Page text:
The Dark Tower
Idris Elba stars as the last Gunslinger Roland Deschain in a battle to save the world from evil sorcerer Walter, who is on a mission to destroy the Dark Tower and unleash hell.
The Dark Tower is based on horror writer Stephen King's eight-novel magnum opus, and if you're not familiar with the books, don't worry, the film is unlikely to help in that respect.
This fantasy epic had a rocky road in reaching the big screen, directors JJ Abrams and Ron Howard were attached at points, with Howard staying on as a producer, and it's apparent from the final version, directed by Nikolaj Arcel, that too many cooks have spoiled the broth.
While the books focus on Elba's Gunslinger character Roland Deschain, the movie switches to character Jake, played by British actor Tom Chambers, as its main protagonist.
Jake is living in New York with his mother Laurie (Katheryn Winnick) and his unsympathetic stepfather.
Still in mourning for his father, the youngster is a troubled 11-year-old suffering from nightmares and visions in which he sees characters from other worlds, including a man in black who goes by the name of Walter (Matthew McConaughey), and subsequently draws them.
Elba is the last of the Gunslingers, an intergalactic variation on the classic western sheriff, sworn to protect the Earth from evil, but he is battling demons of his own and is hell-bent on killing Walter, a sorcerer, who wants to destroy a mighty tower that keeps evil at bay from the world, and for murdering his father Steven (Dennis Haysbert).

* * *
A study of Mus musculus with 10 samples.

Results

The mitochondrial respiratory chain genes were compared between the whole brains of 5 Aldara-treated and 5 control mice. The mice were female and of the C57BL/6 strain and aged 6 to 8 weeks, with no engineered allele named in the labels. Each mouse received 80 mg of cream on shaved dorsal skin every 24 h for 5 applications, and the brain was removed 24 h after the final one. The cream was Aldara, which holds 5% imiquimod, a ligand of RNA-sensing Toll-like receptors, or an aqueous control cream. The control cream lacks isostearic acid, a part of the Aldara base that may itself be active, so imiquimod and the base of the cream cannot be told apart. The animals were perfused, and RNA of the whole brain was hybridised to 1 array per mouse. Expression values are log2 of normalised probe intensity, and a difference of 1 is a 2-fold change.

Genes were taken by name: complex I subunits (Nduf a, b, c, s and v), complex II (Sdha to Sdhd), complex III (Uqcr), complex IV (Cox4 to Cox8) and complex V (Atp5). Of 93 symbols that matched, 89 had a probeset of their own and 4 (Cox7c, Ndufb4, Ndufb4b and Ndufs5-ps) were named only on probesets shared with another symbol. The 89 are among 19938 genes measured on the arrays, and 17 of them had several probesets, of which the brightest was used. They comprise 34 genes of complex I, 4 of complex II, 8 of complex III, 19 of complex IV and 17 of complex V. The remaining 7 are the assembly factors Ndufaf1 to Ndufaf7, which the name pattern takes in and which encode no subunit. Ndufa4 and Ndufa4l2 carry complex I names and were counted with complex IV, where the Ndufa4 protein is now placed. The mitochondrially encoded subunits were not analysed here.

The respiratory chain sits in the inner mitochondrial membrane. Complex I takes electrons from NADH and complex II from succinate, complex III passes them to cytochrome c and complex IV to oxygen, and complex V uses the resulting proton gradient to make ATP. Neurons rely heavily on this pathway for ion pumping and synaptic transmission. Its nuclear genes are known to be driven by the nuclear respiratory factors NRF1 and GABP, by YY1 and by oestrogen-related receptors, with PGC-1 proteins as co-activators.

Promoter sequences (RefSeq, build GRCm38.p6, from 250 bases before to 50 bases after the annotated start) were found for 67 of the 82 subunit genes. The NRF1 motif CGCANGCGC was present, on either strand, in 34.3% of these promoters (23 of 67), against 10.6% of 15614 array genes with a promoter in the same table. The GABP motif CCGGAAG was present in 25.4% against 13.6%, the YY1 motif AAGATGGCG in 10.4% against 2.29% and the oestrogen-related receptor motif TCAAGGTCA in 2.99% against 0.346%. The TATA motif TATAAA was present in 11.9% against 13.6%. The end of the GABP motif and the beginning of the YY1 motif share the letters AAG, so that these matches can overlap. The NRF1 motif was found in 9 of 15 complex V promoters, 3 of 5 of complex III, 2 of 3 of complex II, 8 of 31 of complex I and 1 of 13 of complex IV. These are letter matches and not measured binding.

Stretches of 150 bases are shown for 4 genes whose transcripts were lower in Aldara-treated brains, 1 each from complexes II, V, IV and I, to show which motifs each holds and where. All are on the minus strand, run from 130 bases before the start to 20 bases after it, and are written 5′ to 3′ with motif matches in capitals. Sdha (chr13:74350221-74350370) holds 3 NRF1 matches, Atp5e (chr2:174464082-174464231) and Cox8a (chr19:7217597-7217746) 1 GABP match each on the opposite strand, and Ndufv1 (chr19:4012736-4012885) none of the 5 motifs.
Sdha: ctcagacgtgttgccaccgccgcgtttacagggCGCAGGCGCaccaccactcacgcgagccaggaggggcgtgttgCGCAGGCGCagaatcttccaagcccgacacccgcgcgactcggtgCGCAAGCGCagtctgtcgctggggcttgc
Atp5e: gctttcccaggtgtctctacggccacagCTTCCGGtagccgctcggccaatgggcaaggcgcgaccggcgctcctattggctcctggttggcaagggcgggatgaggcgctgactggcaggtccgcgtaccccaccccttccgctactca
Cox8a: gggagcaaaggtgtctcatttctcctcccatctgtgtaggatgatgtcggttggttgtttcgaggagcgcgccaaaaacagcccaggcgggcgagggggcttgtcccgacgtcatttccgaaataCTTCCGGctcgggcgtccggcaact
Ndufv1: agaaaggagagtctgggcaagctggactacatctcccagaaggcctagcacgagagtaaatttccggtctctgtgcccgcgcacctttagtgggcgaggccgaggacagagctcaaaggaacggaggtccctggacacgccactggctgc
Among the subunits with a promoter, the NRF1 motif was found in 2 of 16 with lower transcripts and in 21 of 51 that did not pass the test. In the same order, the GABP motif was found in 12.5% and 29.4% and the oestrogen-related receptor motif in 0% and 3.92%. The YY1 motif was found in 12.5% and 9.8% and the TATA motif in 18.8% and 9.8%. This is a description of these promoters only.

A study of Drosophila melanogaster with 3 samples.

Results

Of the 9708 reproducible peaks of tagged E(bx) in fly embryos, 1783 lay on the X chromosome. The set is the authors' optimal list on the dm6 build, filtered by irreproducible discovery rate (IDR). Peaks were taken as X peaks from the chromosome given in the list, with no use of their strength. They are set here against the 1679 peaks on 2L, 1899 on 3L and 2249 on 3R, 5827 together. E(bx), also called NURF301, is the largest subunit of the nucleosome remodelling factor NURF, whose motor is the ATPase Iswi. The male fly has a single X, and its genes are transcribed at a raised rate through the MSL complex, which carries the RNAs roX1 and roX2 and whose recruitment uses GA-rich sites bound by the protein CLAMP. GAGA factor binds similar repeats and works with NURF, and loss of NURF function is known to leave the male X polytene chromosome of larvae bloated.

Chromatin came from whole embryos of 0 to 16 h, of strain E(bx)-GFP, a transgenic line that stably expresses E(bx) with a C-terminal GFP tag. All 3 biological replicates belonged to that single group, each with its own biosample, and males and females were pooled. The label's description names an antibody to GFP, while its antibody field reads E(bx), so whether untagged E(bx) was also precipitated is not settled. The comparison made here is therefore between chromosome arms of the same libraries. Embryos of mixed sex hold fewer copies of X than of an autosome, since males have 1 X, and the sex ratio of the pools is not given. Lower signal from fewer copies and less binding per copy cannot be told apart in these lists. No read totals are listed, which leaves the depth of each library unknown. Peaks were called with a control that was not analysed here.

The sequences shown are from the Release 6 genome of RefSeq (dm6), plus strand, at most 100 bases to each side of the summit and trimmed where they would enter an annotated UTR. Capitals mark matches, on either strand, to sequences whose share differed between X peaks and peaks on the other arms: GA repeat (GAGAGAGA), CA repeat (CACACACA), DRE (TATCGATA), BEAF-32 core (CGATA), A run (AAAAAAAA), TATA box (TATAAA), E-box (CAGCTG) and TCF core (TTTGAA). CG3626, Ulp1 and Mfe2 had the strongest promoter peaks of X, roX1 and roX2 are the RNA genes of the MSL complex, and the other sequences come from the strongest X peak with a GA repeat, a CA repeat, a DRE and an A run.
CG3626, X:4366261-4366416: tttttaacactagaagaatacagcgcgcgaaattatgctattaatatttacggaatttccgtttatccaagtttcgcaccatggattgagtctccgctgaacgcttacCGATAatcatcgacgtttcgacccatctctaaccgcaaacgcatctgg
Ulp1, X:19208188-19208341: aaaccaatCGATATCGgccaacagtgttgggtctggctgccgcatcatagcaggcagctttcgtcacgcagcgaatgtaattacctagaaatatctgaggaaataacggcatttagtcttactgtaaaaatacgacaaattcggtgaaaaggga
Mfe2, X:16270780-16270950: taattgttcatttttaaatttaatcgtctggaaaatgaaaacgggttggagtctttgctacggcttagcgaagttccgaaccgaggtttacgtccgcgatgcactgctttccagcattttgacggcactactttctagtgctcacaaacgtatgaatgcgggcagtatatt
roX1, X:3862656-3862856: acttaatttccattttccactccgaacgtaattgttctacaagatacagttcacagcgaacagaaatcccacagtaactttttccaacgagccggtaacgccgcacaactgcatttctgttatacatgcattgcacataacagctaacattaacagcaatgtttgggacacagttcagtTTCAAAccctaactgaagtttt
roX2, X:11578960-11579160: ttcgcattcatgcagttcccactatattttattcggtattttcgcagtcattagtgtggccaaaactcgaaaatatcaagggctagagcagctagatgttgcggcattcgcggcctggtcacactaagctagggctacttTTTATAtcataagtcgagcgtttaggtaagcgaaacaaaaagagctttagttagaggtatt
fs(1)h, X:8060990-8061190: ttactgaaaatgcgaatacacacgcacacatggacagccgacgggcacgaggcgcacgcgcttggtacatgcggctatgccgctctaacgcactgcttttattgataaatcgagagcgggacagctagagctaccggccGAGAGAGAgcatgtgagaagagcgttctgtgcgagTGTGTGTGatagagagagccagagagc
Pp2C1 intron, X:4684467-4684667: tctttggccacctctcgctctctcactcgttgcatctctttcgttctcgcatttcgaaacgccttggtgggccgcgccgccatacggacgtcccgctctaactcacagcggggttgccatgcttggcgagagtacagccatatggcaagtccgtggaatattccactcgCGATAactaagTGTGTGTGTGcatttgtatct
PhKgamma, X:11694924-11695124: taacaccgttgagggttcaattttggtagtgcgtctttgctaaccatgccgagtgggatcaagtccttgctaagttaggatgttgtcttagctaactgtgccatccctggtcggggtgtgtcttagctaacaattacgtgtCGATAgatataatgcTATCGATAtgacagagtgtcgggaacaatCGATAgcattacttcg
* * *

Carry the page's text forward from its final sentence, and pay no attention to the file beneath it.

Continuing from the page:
Walter uses the energy of children he is stealing from Earth to try and topple it, and begins to hunt Jake after discovering his "pure" psychic powers.
Through his drawings, Jake discovers a portal into the world of The Gunslinger - whose gun is made out of the same steel found in King Arthur's Excalibur - and they join forces to, albeit reluctantly on the Gunslinger's part, keep the mighty tower intact.
The dystopian world created by the filmmakers has been done better by films such as The Hunger Games and The Maze Runner, and if you’re not familiar with the books, don't worry, as that probably won't help.
There are gaping holes in the storyline and key points appear to have been glossed over, like the origins of the Skins, so it all appears a little one-dimensional at times.
Charismatic Elba brings the world-weary, battle-hardened persona of Roland to life, and the fish-out-of-water comedy scenes when he and Jake travel to modern day New York work well, giving some much-needed respite to this race through King's books.
Chambers acquits himself well in his many scenes with the movie veterans.
But for McConaughey, who has been riding a crest of the wave following his Oscar-winning turn in Dallas Buyers Club, the ride stops here as he gives a hammy performance while wearing a very distracting Elvis-style wig. His one-liners are oddly timed and often fall flat, plus he's just not very scary.
The film appears to have been conceived as a franchise opener, and the open-ended finish suggests they may be hoping for a second crack of the whip but fans shouldn't hold their breath as the filmmakers have clearly struggled to adequately interpret it for the big screen.